Tuesday, Apr 24, 2018

PRESIDENT Bush's $7.1-billion plan to protect the United States from an epidemic of bird flu could leave millions of people vulnerable to superflu for years into the future.

The plan, announced Tuesday, stresses the use of new technology to produce flu vaccines faster than is possible with the 1950s-era process now in use.

Flu shots are the first line of defense against both ordinary winter flu, and newly emerging strains like avian flu. Mr. Bush should be commended for an effort to jump-start the transition to this more efficient vaccine production.

The changeover, however, will take years.

Even then, there will still be a gap of months between the appearance of a dangerous new flu strain and availability of a vaccine. In an epidemic of bird flu, or some other new superflu, those could be months of widespread suffering and death.

The second line of defense against flu, which could prevent that situation, got too little emphasis in Mr. Bush's plan.

It involves use of anti-viral drugs to protect people from getting the flu, and treat those who are infected. Medications like Tamiflu and Relenza fill the gap between the appearance of a new flu variety and the availability of a vaccine. They can be lifesavers until a vaccine goes to work.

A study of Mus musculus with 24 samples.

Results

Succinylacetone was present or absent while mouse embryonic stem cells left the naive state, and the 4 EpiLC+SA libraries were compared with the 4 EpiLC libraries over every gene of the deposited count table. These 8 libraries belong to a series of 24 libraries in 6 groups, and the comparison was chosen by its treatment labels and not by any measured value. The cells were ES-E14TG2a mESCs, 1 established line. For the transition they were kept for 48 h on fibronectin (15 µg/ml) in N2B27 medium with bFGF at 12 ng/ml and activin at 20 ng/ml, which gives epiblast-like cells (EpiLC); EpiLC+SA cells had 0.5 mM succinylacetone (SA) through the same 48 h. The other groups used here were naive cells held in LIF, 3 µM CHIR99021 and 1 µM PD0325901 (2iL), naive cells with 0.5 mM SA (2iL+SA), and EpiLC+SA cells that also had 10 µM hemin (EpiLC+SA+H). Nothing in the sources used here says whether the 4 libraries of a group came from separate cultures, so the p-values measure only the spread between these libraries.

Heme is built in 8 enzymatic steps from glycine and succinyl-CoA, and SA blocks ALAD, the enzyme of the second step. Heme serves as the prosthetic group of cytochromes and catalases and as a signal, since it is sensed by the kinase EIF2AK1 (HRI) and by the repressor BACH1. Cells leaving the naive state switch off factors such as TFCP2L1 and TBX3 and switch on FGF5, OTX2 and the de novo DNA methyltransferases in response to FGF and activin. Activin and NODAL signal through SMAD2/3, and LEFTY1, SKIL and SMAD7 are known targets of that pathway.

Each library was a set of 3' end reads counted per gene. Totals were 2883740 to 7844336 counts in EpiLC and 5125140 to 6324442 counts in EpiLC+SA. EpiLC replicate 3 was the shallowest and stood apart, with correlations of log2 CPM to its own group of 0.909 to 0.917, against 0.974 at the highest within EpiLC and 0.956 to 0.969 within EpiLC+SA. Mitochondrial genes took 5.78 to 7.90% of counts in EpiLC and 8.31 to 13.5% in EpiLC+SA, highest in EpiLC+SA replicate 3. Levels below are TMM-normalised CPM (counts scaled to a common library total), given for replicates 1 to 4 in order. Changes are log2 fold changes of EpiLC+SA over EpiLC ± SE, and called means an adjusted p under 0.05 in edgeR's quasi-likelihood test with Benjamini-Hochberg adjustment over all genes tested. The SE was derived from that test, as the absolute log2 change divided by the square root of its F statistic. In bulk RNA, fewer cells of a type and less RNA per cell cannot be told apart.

Mr. Bush's plan would spend $1 billion to stockpile only enough anti-viral drugs to protect about 25 per cent of the population. In addition, it counts on individual states to buy almost one-third of the drugs. Some states, of course, may not have the cash or the resolve to do so.

Amassing huge stockpiles of these drugs is a calculated risk. If a superflu virus develops drug resistance, these medications could lose their punch. Indeed, the current bird flu virus does show early signs of resistance to Tamiflu.

However, the risk is well worth taking.

The United States cannot leave 75 percent of its population - almost 225 million people - with no safety net against superflu.

Fortunately, the U.S. Senate already has passed legislation that would assure abundant supplies of anti-viral drugs by building a $3 billion stockpile. Congress is on the right track with this more balanced approach, which would safeguard Americans in the short term and the long run.